MAGNETIC RESONANCE IMAGING FEATURES OF PARASPINAL INFECTION IN THE DOG AND CAT
Article first published online: 21 APR 2009
© 2009 American College of Veterinary Radiology
Veterinary Radiology & Ultrasound
Volume 50, Issue 3, pages 285–291, May/June 2009
How to Cite
HOLLOWAY, A., DENNIS, R., McCONNELL, F. and HERRTAGE, M. (2009), MAGNETIC RESONANCE IMAGING FEATURES OF PARASPINAL INFECTION IN THE DOG AND CAT. Veterinary Radiology & Ultrasound, 50: 285–291. doi: 10.1111/j.1740-8261.2009.01535.x
- Issue published online: 21 APR 2009
- Article first published online: 21 APR 2009
- Received July 30, 2008; accepted for publication November 12, 2008.
- magnetic resonance imaging;
- paraspinal infection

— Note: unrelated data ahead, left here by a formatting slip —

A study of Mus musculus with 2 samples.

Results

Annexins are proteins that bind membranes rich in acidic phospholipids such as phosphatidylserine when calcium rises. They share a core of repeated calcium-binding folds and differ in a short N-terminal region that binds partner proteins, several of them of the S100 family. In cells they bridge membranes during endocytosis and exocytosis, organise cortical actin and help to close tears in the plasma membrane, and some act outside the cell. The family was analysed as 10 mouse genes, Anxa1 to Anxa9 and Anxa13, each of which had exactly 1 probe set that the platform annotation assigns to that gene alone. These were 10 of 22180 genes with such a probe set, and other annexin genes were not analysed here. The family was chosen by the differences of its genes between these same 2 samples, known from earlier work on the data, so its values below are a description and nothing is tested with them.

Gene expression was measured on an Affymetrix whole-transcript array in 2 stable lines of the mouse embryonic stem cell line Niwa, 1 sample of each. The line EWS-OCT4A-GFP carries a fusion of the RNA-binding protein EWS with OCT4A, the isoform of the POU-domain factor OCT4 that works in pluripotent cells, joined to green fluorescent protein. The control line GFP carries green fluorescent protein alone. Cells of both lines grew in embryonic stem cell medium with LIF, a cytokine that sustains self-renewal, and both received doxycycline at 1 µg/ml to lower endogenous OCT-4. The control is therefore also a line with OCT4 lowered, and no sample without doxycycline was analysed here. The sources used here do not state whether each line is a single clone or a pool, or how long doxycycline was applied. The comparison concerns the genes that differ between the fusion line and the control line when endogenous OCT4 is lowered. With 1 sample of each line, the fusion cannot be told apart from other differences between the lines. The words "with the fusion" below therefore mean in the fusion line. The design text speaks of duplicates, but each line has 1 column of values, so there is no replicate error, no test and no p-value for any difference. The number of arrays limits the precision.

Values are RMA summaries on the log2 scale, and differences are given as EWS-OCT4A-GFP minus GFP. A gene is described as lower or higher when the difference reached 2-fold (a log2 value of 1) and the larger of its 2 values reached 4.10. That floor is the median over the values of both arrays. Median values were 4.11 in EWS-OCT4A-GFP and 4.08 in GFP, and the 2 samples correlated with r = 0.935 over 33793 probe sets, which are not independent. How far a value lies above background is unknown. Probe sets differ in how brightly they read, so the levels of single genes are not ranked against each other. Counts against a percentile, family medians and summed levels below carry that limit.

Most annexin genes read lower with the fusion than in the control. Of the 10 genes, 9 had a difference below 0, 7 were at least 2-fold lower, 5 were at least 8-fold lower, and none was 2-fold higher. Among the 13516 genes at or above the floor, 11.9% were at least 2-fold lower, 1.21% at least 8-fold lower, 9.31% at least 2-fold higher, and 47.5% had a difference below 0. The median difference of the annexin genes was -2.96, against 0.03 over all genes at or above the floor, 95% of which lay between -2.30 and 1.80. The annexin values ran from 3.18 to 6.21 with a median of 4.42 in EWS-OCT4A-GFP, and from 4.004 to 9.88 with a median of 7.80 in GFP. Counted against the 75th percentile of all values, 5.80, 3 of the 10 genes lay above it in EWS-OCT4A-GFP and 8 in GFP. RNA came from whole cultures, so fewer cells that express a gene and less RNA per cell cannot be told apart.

The magnetic resonance (MR) imaging findings in 22 dogs and two cats with confirmed paraspinal infection of the thoracolumbar spine were characterized. These findings included extensive T2-hyperintense areas (24/24), abscessation (20/24), mild inherent T1-hyperintensity of muscle and abscesses (18/24), and postcontrast enhancement (24/24). Changes involved the vertebral canal in four patients. The longus coli muscles were affected in one cat. Thoracolumbar changes in the remaining 23 patients involved the iliopsoas and epaxial muscles in 23/23 and 19/23 patients, respectively. Iliopsoas muscle abscessation was unilateral in 12/23, and bilateral in 6/24 patients. Abscessation involved both epaxial and iliopsoas muscles in 2/23 patients and the epaxial muscles alone in one patient. A contrast-enhancing sinus tract within the deep thoracolumbar fascia was present in 10/23 patients. Lumbar vertebrae periosteal reactions were identified in 19/23 patients on MR images compared with 15/17 patients with radiography. A focal area of signal void suspected to represent foreign material was seen in 5/23 patients but foreign material was actually found in only two of these five. There was no recurrence of clinical signs following MR imaging and revision surgery. MR imaging permits the severity and extent of changes associated with paraspinal infection to be characterized and allows the location, number and any communication of sinus tracts to be documented.